Every community has a need for safe homes, schools and neighborhoods. We all deserve nurturing relationships and a sense of belonging. All people have value and dignity, yet not everyone has the same access or opportunity. Stereotyping, prejudice, hate crimes and violence are realities that impact our communities.
At CCEJ, we respond to hate and discrimination by building cultures of connection, respect and accountability.
CCEJ’s programs are focused on raising awareness, facilitating dialogue, healing conflicts and bridging differences. Our Building Bridges for Youth programs give young people a safe place to talk about culture and conflict, a place where they are valued and listened to. CCEJ helps youth build confidence and skills for communication and leadership.
CCEJ intentionally works where differences collide and conflict exists — in schools, businesses and neighborhoods. Using restorative justice practices and tools, CCEJ promotes alternative approaches to school discipline and conflict resolution in neighborhoods, workplaces, and the criminal justice system.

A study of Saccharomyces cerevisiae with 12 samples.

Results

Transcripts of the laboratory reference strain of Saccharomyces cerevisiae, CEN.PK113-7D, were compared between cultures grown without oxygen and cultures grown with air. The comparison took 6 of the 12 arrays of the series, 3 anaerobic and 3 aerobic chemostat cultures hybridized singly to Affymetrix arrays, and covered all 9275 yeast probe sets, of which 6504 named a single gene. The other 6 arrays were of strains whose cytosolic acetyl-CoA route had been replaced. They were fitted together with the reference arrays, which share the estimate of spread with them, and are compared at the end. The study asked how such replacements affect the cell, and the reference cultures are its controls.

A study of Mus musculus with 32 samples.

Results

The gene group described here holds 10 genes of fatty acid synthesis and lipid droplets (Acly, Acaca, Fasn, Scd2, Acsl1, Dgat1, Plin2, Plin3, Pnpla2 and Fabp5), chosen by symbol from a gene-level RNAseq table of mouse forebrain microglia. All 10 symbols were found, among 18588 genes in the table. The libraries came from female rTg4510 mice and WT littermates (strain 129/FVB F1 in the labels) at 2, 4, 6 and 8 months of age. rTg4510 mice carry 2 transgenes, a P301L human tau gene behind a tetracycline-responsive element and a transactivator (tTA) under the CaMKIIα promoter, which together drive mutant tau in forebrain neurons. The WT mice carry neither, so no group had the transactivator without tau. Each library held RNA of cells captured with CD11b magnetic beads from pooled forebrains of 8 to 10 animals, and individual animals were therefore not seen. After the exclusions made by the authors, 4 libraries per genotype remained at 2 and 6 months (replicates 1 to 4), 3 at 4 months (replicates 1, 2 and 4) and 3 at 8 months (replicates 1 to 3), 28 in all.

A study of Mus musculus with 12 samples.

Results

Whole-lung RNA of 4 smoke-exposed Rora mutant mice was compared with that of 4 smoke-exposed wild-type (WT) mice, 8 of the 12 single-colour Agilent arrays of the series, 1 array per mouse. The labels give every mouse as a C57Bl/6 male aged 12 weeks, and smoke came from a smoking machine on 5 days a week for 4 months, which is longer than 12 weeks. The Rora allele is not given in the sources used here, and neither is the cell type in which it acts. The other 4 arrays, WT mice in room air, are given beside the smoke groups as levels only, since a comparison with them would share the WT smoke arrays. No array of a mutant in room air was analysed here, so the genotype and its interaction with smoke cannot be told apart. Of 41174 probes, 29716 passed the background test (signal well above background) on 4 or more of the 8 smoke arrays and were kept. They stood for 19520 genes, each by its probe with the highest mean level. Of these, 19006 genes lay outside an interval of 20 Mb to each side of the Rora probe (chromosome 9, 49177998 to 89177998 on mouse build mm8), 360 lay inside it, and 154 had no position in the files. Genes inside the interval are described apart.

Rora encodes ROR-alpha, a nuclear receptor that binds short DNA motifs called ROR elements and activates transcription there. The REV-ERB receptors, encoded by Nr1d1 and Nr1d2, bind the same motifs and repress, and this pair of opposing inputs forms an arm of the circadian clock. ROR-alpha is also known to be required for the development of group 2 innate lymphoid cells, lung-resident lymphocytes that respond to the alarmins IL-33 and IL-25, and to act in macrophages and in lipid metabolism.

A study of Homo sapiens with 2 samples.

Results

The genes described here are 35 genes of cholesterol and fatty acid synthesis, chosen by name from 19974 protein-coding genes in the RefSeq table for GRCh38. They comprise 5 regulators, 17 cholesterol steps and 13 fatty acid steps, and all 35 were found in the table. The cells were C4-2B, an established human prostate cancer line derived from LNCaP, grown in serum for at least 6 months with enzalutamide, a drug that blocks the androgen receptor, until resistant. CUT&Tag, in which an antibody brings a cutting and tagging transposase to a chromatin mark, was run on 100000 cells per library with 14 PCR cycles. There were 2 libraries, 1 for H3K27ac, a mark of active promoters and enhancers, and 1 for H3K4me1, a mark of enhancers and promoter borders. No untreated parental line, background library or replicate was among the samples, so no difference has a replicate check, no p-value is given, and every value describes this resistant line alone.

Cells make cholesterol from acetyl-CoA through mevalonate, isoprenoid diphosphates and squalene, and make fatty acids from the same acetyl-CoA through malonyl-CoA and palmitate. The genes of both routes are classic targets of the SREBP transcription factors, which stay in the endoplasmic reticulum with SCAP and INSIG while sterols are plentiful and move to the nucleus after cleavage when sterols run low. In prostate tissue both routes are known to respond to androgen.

By embracing differences and striving for understanding, CCEJ seeks to build a unified, peaceful and inclusive Southern California, with justice for all.
For 55 years, the California Conference for Equality and Justice (CCEJ) has worked to transform communities and end discrimination, oppression and injustice. CCEJ was originally founded in 1927 as the National Conference for Christians and Jews (later known as the National Conference for Community and Justice). In 1963, NCCJ established an office in Long Beach, which evolved into the CCEJ of today. Our decades of experience in Southern California give us a unique strength in activating change and helping to solve profound systemic problems.